How do you go to sleep at night after being told you have a year or less to live?
I suppose during the daytime it is possible to come up with random things to occupy your mind in efforts of refusing to acknowledge the news, but when it’s time for going to sleep, and you crawl between the sheets, there’s no ignoring the thoughts that will travel through your head.
What do you ask yourself? What do you tell yourself?
I’m willing to bet MOST of the readers of this blog have not been told personally news such as “you have a year left to live.” But, if you have, my blessings on you as you have chose to live some of your precious moments of life blog surfing.
However, I’m sure some, if not maybe even half of those reading have had a close loved one who has been given the traumatic news before. And while in your cases, processing this news is no walk in the park, it can’t compare with the process the individual receiving the news about them self must endure.
I’d think bedtime would be the worst of times, especially for someone like myself who can lay in bed at night and ponder thoughts for hours without feeling sleepy at all.
While it’s impossible to know exactly how you would behave in any given situation you haven’t experienced before, I would venture to imagine the initial nights following the news would be stricken with many tears.
Yes, there is the response that the news was brought forth by man, and man is never completely sure on one’s time of death, but with the advancements in science today, we can get closer and closer to estimating prolonged deaths.
So as you lay in bed, what could be crossing your mind?
So maybe the news isn’t correct. Is one going to let this thought cross his/her mind and live the next waking hours believing as if he/she had never gotten the news?
So maybe the news is correct. Maybe one’s allotted days has been revealed. Does one let this thought cross his/her mind and live the next waking hours in preparation for the ending ceremonies?
However, there are two other scenarios, and in statistics they are referred to as Type I Error and Type II Error. These would be as follows:
What if the news isn’t correct, but the individual chooses to believe it? What if science fails us in this situation and the body overcomes it’s obstacle allowing the man to live many years into the future. Has this man wasted his days in the initial year preparing for the end?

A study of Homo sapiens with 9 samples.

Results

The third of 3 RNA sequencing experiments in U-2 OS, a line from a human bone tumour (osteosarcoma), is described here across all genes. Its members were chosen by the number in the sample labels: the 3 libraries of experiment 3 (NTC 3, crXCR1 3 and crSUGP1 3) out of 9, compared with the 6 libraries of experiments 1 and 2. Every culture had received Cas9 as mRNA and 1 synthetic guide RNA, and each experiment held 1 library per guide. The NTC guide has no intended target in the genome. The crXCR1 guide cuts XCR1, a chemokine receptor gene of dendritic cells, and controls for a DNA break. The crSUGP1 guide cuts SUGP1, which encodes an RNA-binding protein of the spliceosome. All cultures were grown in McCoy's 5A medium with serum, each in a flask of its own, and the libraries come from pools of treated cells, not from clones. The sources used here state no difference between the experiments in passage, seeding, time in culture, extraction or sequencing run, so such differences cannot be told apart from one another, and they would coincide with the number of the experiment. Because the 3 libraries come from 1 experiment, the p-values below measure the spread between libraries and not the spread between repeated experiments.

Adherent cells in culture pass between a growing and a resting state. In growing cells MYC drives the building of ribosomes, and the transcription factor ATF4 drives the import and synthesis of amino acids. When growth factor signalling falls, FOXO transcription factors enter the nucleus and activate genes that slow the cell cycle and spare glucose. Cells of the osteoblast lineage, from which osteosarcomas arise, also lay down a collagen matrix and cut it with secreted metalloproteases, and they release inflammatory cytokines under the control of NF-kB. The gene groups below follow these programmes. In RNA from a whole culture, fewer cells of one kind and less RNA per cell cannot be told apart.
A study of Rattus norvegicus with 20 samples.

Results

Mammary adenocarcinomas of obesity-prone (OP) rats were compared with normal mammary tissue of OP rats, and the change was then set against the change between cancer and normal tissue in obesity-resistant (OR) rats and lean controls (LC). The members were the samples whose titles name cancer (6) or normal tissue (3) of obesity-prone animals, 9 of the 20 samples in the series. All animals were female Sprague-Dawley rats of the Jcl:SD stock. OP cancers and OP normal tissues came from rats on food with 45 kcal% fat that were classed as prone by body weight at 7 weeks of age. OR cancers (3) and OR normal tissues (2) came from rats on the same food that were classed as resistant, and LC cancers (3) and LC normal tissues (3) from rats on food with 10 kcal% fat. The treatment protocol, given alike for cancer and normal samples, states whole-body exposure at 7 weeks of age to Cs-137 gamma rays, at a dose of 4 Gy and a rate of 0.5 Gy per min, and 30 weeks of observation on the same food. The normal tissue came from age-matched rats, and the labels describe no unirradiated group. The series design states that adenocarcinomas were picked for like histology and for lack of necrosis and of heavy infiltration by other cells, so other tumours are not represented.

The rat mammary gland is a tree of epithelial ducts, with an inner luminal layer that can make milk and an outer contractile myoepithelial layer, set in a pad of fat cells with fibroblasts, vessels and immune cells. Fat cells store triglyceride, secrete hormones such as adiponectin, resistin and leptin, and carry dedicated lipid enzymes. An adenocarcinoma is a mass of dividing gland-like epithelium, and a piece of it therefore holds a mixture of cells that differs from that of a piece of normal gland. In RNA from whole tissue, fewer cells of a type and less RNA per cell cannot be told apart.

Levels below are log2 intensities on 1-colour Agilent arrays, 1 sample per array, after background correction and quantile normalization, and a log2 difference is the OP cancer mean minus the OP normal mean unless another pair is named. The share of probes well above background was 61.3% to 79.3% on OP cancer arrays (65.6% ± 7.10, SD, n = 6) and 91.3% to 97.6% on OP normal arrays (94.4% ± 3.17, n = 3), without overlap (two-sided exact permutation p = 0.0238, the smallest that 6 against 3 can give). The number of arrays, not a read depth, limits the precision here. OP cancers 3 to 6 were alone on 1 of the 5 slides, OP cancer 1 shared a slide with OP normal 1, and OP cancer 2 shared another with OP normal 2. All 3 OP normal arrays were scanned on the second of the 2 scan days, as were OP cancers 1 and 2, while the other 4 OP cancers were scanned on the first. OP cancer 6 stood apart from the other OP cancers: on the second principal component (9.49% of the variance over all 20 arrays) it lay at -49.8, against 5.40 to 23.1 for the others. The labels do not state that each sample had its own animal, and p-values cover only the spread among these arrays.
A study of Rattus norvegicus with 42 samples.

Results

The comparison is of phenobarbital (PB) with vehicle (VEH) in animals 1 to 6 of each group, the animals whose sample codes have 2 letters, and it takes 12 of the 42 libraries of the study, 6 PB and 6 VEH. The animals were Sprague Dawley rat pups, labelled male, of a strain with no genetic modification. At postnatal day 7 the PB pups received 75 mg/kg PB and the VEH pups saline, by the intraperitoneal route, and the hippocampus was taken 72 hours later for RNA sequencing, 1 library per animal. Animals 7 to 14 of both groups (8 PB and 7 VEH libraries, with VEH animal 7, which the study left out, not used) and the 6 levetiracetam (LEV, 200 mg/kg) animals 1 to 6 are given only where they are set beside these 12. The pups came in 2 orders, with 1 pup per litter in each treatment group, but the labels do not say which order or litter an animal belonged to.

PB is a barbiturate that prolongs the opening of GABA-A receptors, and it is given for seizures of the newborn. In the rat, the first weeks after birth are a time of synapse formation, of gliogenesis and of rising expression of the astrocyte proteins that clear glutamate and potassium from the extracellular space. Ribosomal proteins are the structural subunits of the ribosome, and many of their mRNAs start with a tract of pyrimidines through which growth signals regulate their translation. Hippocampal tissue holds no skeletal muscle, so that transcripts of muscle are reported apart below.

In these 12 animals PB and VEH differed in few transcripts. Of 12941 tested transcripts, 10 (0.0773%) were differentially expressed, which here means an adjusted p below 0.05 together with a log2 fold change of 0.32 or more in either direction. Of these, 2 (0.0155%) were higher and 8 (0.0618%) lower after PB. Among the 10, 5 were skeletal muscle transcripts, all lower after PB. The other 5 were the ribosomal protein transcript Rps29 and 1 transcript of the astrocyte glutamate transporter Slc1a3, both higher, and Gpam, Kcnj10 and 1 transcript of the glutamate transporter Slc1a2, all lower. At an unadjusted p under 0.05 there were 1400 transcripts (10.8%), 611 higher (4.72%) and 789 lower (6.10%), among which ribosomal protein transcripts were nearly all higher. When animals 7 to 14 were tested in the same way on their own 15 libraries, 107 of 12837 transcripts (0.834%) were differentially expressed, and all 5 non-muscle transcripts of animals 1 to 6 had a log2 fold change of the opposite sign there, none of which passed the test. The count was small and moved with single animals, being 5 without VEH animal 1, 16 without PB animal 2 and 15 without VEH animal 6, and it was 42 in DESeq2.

Or the other scenario…
What if the news is correct, but the individual refuses to believe it? What if our advances in the medical field are right on the money and within the next 365 days the family is saying goodbye to their loved one? Has this man missed out on preparing his farewell address?
I don’t think a right answer exists to most of these questions. I think most of us have our own ways of dealing with life, whether we are under the impression that we will live to the ripe old age of 95 or whether we are under the impression that life is fragile and the end could be tomorrow.
I know I’ve recently considered the idea of wanting to not be told I have a terminal illness, should one be present. I suppose I believe too much in the power of the mind over the body and I wouldn’t want to give my mind any reason to hit the downward spiral. However, if I was given the news, I would hope that I would be able to pull together my motivation and dedication to overcoming science. I would want to milk life for all it’s worth while at the same time looking toward the future!
I say all this just as random thoughts that have crossed my mind over the past 24 hours since I was informed that the paternal grandpa of my aunt’s kids has had his cancerous brain tumors return. He was given the news of a year left the other day and my cousins were just informed of the news today.
While I might be of no blood relation to this individual, he, as his wife, are good people I respect. And while that in itself is worthy, I feel for my cousins, especially the boys, whom I’ve grown very close to over the past year. While news like this is tough for anyone, it is taken differently by a kid.
I wish blessings on “the fam” as they learn to accept the news as it has been given and rise to the level of continuing to live a fruitful life filled with love and happiness.